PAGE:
The case against purchased lists

As an email marketing professional, I tell everyone that the best way to promote your business is with a good email marketing strategy. But as a consumer, there is nothing I hate more than getting a bunch of emails. Weird, right?

But believe it or not, there is a method to my madness. Let’s do a quick exercise, shall we?

Pick up your phone and go to your mail app. Now do a quick scroll to take in all of the different marketing emails you’ve received in the past few days. Maybe the majority of items in your personal inbox are left unopened and unread. Maybe you’re a serial email deleter and are currently staring at a blank screen. Or maybe you’re like me and open everything (I really can’t stand that pesky red notification) but only actually look at the emails that interest you.

Whatever your style is, consider which of those emails you actually read (or even, gasp!, click on) – what do they have in common?

Here’s what I came up with:

  1. The product, service, or company interest me

  2. The content within the email is informative and/or entertaining

  3. I actually signed up for this mailing list, hoping to start receiving their content

Does yours look somewhat similar?

When you purchase a list of email addresses from a third party, your company becomes just another piece of spam in somebody’s inbox. You don’t know your audience’s backgrounds, needs, or whether or not your product or service can solve their problems. You are essentially putting all of your email marketing efforts into selling to people who don’t want to be sold to. It’s also worth mentioning that purchased lists can be in violation of your Email Service Provider’s user agreement or even the law.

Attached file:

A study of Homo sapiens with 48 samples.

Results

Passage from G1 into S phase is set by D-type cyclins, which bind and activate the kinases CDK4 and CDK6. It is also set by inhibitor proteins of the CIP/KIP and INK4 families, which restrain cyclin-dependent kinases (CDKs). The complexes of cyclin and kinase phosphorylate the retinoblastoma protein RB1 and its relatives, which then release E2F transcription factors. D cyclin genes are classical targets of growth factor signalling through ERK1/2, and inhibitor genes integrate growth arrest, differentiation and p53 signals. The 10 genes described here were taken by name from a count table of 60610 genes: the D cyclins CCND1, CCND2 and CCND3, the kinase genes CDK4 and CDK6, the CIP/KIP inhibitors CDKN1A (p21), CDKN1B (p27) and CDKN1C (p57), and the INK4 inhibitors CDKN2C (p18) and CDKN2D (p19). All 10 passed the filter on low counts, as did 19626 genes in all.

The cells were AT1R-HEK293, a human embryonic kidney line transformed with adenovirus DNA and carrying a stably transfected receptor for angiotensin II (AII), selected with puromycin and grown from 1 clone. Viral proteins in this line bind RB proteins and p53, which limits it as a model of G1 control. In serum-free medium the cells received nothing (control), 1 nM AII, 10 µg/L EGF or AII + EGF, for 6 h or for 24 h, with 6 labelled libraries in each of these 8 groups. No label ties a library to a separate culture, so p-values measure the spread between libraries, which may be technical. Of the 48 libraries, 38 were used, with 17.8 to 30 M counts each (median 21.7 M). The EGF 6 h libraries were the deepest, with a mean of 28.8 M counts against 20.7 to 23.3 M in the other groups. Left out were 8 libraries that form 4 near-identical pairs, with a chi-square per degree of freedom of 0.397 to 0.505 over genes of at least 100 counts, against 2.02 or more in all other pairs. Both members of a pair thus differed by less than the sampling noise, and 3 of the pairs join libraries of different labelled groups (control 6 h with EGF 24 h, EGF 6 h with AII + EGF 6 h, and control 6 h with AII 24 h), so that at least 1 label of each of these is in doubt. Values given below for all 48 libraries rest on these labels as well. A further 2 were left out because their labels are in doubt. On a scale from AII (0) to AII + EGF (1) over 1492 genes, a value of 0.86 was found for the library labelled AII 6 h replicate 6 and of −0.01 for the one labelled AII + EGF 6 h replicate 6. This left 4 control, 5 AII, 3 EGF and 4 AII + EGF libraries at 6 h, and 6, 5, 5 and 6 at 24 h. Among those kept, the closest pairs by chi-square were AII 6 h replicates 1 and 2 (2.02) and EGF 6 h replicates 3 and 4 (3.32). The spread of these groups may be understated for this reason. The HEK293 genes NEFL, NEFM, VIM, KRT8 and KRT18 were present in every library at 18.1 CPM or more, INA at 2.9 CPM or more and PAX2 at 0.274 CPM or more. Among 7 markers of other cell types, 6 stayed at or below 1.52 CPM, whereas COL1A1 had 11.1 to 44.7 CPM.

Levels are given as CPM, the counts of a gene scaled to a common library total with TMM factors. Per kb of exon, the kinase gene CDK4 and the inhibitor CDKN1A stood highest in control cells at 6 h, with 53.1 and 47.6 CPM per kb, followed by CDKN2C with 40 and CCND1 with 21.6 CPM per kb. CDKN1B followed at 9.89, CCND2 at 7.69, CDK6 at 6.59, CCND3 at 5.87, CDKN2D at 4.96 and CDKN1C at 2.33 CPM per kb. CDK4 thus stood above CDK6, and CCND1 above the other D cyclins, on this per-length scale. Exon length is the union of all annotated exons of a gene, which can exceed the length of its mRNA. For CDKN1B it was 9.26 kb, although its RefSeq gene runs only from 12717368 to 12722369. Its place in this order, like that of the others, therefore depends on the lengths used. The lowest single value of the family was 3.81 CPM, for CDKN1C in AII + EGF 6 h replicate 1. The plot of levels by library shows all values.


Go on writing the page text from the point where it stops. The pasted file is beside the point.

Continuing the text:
And this can hurt not only the public perception of your company, but also how email clients (like Gmail, Yahoo, etc.) see your domain. In fact, purchased lists often lead to high bounce rates which can result in your company’s domain being flagged as spam. So that precious newsletter you spent hours designing and testing? Won’t even make it to an inbox. And even years down the line, when purchased lists are a thing of the past for you, that reputation you earned can still affect your deliverability rates.

In layman’s terms: your potential customers won’t trust you, and Outlook will send you straight to the junk folder.

Think of it this way: how many times have you received an email from a company you’ve never heard of – much less given your email address to – and thought yes, this is a business I trust with my credit card info. If that number is more than zero, I’ve got a bridge to sell you.

So, now what? You have this business you want to start promoting, but your subscriber list is empty. And while purchasing a list of addresses can seem tempting at this stage, the best strategy is to start creating content to attract customers whose needs fit your target audience.

Hubspot said it best: While outbound marketing interrupts your audience with content they don’t always want, inbound marketing forms connections they are looking for and solves problems they already have.

One solid lead on your subscriber list that made the decision to receive your emails will make you a whole lot more money than the hundreds of purchased addresses that won’t look at your newsletter longer than the time it takes to hit delete.

So don’t start your business off on the wrong foot. Don’t purchase a list. But if you do, make sure I’m not on it, because I am definitely not interested in whatever you’re selling.

Adeleine Whitten | Professional, kind of

is a marketer by day and writer by night, weekend, and sometimes lunch break. You can often find her with a good book or in the Taco Bell drive-thru.